Test Drive: Mack Pinnacle
“Ninety-eight percent of the population will fit into and operate this truck,” Warmkessel says.
The dash of my test truck featured Mack’s driver information display screen, 14 gauges, and dozens of switches and controls, all readable at a glance and/or easy to reach and operate. The cup holders were sturdy and deep enough to work through potholes, swerves and hard brakes.
I didn’t have Mack’s optional CoPilot, an electronic driver tool with a large, easy-to-read screen, but we did have Mack’s optional Grand Touring Cobalt Blue cloth and Ultraleather trim package and the auxiliary power system, designed by Overdrive magazine’s 2005 Trucker of the Year Robert Jordan. The system has two units, both under the bunk: a Webasto heater, which uses a half gallon of diesel during a 10-hour break, and a 10,000-BTU air conditioner run by rechargeable, deep-cell batteries guaranteed for 10 years.
But there is plenty more room under the bunk. There also are various cabinets and shelves and a cavernous over-cab attic that easily doubles the Pinnacle’s storage space.
Other available options include wireless tire-pressure monitoring, door mounted cameras to eliminate blind spots, and a global positioning system that provides maps with information on road conditions, bridge heights and points of interest.
Mack’s Road Stability system, which prevents rollovers and jackknifing, is standard.
“We’re the first original manufacturer in the world to have this standard,” Warmkessel says.
After I familiarized myself with the controls, I headed north on I-15 at the 54 entrance ramp, which put us right on a 2-mile, 2.5 percent upslope. After turning onto the ramp at about 15 miles an hour, I mashed the throttle and held it down. The MP8 got us to 64 miles an hour and made it to 10th gear before the slope’s summit: not bad at all for 415 horsepower.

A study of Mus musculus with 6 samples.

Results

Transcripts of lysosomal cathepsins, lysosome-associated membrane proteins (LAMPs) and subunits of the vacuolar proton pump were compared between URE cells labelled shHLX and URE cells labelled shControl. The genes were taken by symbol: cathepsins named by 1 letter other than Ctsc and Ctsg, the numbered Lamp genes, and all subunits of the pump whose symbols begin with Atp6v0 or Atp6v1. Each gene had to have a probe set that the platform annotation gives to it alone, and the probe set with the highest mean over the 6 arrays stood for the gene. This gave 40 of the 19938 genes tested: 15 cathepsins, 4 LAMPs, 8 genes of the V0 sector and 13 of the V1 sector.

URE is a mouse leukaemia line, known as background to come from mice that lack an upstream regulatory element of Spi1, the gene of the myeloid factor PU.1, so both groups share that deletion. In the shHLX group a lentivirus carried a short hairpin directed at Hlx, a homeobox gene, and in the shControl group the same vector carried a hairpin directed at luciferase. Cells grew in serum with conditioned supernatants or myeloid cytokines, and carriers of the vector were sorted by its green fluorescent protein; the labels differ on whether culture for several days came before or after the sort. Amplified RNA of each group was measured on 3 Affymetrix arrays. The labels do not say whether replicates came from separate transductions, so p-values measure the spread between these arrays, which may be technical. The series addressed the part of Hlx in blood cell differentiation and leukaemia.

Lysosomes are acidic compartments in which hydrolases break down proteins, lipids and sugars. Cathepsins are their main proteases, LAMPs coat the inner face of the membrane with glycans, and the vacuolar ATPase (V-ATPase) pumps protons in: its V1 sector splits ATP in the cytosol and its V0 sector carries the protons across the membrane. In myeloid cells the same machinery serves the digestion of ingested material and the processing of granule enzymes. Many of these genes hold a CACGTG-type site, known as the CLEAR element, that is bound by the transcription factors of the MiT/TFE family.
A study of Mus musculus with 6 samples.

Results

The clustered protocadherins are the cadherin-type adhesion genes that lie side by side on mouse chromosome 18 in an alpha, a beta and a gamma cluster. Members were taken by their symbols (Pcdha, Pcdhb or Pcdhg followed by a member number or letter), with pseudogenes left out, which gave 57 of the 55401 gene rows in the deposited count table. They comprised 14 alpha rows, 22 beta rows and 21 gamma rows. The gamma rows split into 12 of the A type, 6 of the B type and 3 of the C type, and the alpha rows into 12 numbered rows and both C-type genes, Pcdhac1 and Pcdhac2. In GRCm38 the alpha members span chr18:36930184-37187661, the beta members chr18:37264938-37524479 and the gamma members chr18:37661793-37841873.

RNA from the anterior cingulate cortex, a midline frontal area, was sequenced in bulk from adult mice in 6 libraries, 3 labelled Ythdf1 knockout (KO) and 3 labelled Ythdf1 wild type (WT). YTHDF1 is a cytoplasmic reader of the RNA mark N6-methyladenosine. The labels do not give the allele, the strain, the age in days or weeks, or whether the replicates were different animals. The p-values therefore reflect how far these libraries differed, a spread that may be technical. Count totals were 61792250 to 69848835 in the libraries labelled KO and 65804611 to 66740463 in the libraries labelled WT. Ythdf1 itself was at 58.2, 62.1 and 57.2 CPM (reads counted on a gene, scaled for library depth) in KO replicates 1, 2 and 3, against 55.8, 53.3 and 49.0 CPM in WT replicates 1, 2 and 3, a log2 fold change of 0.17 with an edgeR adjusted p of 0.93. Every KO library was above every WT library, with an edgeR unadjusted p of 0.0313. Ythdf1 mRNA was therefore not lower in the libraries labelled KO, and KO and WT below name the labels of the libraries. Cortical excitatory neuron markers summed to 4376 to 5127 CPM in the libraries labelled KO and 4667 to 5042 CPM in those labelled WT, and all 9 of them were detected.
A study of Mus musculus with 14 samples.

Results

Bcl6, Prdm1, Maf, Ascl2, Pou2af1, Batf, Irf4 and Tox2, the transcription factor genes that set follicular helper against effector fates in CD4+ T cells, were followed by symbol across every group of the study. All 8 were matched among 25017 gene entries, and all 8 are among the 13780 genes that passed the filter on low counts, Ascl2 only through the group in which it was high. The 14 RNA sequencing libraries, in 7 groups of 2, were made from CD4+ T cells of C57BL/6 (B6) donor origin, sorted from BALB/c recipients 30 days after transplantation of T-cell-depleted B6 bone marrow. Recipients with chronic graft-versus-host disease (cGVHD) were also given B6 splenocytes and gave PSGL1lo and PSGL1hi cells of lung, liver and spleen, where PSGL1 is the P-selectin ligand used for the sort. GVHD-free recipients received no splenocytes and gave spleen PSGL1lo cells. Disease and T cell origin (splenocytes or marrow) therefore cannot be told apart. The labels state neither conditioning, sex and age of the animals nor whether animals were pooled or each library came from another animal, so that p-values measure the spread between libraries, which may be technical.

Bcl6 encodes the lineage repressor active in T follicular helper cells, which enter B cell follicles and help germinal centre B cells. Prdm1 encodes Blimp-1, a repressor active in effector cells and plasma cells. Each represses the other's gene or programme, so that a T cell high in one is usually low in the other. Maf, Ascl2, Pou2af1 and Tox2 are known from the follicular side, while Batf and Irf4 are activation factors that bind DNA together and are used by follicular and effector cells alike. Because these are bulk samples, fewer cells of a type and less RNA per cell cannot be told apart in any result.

The speed limit on I-15 in Nevada is 75 miles an hour, so after a few miles at 65 mph to get a feel for the Pinnacle, I got us up to speed.
I was surprised by the performance of the 415-horsepower MP8. The Pinnacle was storming the considerable hills north of Las Vegas on I-15, and the MP8 was still new – far from broken in, when it will deliver its peak horsepower. During the entire 200-mile test-drive, the hills caused the Eaton transmission to drop below ninth just twice: once for a particularly steep climb, and once when we got trapped behind a triple-trailer rig slowed to about 15 mph on a long, steep hill. The only other things to slow the Pinnacle were its air brakes and Mack’s PowerLeash engine brake, which also worked exceptionally well.
On one occasion I topped a hill in the left lane, got quickly back up to 75 mph and rounded a medium-hard right curve – right onto a 5-6 percent mile-long downslope. The Pinnacle’s inertia from the right curve, along with the left lane’s slight incline toward the shoulder, bore down on the Pinnacle, pushing it toward the left shoulder. Gravity took hold of the truck, too, and we shot down the hill.
No problem: I tapped the brake to disengage the cruise control and engage the PowerLeash. From inside the insulated cab, I couldn’t hear the PowerLeash at work unless I consciously listened for it, but it was powerful enough to break the 35-ton rig’s momentum.
The Pinnacle straightened up and slowed down, and within five seconds we were tucked neatly into the right-hand lane. I feathered the throttle on the way down so the PowerLeash wouldn’t slow us down too much.